Brooks Barrow Gallery
Marshall Building (lower level)
207 E. Buffalo
Jan. 11 – Jan. 16
When the invitation arrived to attend Peep Show, an exhibit of photographs by ten students of University of Wisconsin-Milwaukee adjunct professor of photography Tom Bamberger, whose career includes impressive exhibits of his own work, plus a former position as adjunct curator of photography at the Milwaukee Art Museum, I was intrigued by the fact that he’s now a college professor. “Lucky kids,” was my first thought.
Bamberger is a fully mature artist, and in many ways his teaching position is a hard won homecoming. After attending Boston University, he extended his credentials at UWM’s graduate school, where he pondered philosophy and taught mathematical logic. He writes thoughtfully about public art and architecture for Milwaukee Magazine and continues his career as a photographer (when Renatured opened the splendid Inova/Kenilworth building, Bamberger’s work enlivened the walls). Over the past 30 years, he’s proven beyond a doubt that he gets what art is.
I asked them to make an interesting picture. They took pictures of the moonrise over the Calatrava. All we learned is what is NOT an interesting picture. Hundreds of pictures later they finally asked, “So what is a good picture?” There is no answer to that question. I told them that an “interesting” picture would have to be interesting to you before it would be interesting to anyone else, including me. Finally a breakthrough happened after they told their bossy inner voice to shut up. Everything they were telling themselves might be a good picture was wrong. All of their teachers were wrong. The books are wrong. They were looking with everyone else’s eye but their own. It takes some guts to see the world uniquely and be a student at the same time. I tried to rattle their brains. The students did the rest. It was fun. They taught each other. Saw each other see for the first time.
Another great teacher, John Updike, wrote recently in The New Yorker about “visual trophies” – snapshots, and his connection to them throughout the years. An obvious fan of Susan Sontag, he quotes from an essay included in her 1977 book “On Photography.”
“All photographs are memento mori. To take a photograph is to participate in another person’s (or thing’s) mortality, vulnerability, mutability … a photograph is both a pseudo-presence and a token of absence.”
I visited the exhibit the day before the January 11 opening. The space was buzzing with excitement and a distinct air of cooperation. In the middle of it all was Bamberger, offering a suggestion here, an encouraging word there. Known for his strong opinions, which raise hackles now and then, on this day his demeanor was placid and assured. The moment was right to step back and let his students’ work speak. The gallery’s proprietor, Brooks Barrow, stood aside quietly, too. Barrow and Bamberger are a match made in heaven.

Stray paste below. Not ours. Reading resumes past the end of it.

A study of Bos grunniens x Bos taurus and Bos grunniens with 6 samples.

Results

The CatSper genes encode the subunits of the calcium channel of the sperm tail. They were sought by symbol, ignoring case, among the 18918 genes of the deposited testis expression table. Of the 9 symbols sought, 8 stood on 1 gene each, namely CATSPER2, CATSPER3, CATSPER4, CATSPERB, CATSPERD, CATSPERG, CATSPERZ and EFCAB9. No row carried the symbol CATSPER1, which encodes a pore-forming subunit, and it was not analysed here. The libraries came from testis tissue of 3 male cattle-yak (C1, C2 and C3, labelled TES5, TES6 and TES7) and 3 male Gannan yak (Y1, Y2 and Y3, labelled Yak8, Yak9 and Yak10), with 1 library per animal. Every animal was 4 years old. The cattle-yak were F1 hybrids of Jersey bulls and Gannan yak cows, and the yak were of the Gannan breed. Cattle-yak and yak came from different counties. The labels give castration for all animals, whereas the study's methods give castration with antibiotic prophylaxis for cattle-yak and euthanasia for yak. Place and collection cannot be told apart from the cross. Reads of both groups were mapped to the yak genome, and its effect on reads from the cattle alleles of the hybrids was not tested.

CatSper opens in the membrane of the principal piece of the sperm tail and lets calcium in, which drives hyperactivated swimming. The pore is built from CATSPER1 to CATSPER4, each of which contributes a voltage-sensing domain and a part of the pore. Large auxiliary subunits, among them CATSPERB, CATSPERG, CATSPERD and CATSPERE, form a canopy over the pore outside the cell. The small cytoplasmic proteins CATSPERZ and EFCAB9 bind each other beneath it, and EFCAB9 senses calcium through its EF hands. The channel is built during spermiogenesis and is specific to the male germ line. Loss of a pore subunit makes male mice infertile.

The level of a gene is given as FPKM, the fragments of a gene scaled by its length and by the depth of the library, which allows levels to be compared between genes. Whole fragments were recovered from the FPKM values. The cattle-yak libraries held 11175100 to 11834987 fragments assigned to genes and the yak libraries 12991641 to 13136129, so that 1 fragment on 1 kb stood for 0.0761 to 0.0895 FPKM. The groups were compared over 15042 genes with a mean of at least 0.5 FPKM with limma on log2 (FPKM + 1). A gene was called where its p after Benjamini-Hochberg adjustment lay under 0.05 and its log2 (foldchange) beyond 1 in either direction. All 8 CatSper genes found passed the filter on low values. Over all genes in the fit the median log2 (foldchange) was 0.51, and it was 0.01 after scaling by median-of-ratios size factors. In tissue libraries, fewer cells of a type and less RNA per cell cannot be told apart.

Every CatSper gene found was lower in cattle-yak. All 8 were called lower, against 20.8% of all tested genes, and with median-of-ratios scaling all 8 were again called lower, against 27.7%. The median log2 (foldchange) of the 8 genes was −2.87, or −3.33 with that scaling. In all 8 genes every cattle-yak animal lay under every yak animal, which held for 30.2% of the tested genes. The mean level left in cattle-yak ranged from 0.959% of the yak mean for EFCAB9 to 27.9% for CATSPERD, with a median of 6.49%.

Catherine “Catie” Eller, a junior, interpreted one of her images for me; it was a car door handle stuffed with leaves. Another, a hole in a wall, gave me hope that this student got what her professor was trying to drum into these youthful heads. Jessica Helmlinger was one of the students who arrived in Bamberger’s class with a photograph of the moon rising over the Calatrava. “I rode around town on my bike taking shots of Milwaukee landmarks,” she says.” Nothing satisfied my teacher, who said I was basically just taking ‘stock photographs’ with no interest factor. The breakthrough came when I was standing on my front porch and decided to depict what was across the street.” The result is a digitally altered panorama photograph, serene in its suggestion of otherness.
I asked Bamberger about what he assigned for the first class. “I told them to go shoot 100 photos. I think of myself as a coach,” he added. It wasn’t easy for Dan Olsen, who shot 400 photos before his teacher would consider even one.
Bamberger was worried that Olsen wasn’t getting the message, but the 23-year-old seems to have “turned off his busy mind,” and (Eureka!) discovered the interest in a bun strewn with poppy seeds, a close-up of a friend’s eyeball and, last in the trio of images, a spoon resting in a dish of lumpy cottage cheese. He’s already signed up for next semester’s class with Bamberger.
“His way of teaching was so unconventional,” says Chelsea Dowe, adding that “we were all afraid of receiving a bad grade; however, I’ve learned to think for myself.” Apparently the students weren’t used to setting themselves free in order to see (i.e. think), and from what I could gather, not one of them bombed big time grade-wise. They were all thrilled to the marrow to be exhibiting their efforts in a bona-fide gallery, and frankly, I was thrilled for them.
Before I exited, Bamberger and I had an illuminating chat about Plato’s take on art, which is basically that art devoid of thought is mere replication. Is this a great exhibit? No, but it raises the bar considerably. Some fine works (notably, those by Miranda Levy) show the result of an energetic linking between a student and a wise instructor who understands what art is: a blank sheet transformed by thought.
The exhibit opens with a gala reception on Friday, January 11 at 6:30 and runs through Wednesday, January 16, with special hours in effect. Brooks Barrow can fill you in on specific times. He’s one of the vocal objectors to the bronze Fonz; once you visit the gallery you’ll understand that he also gets what art is.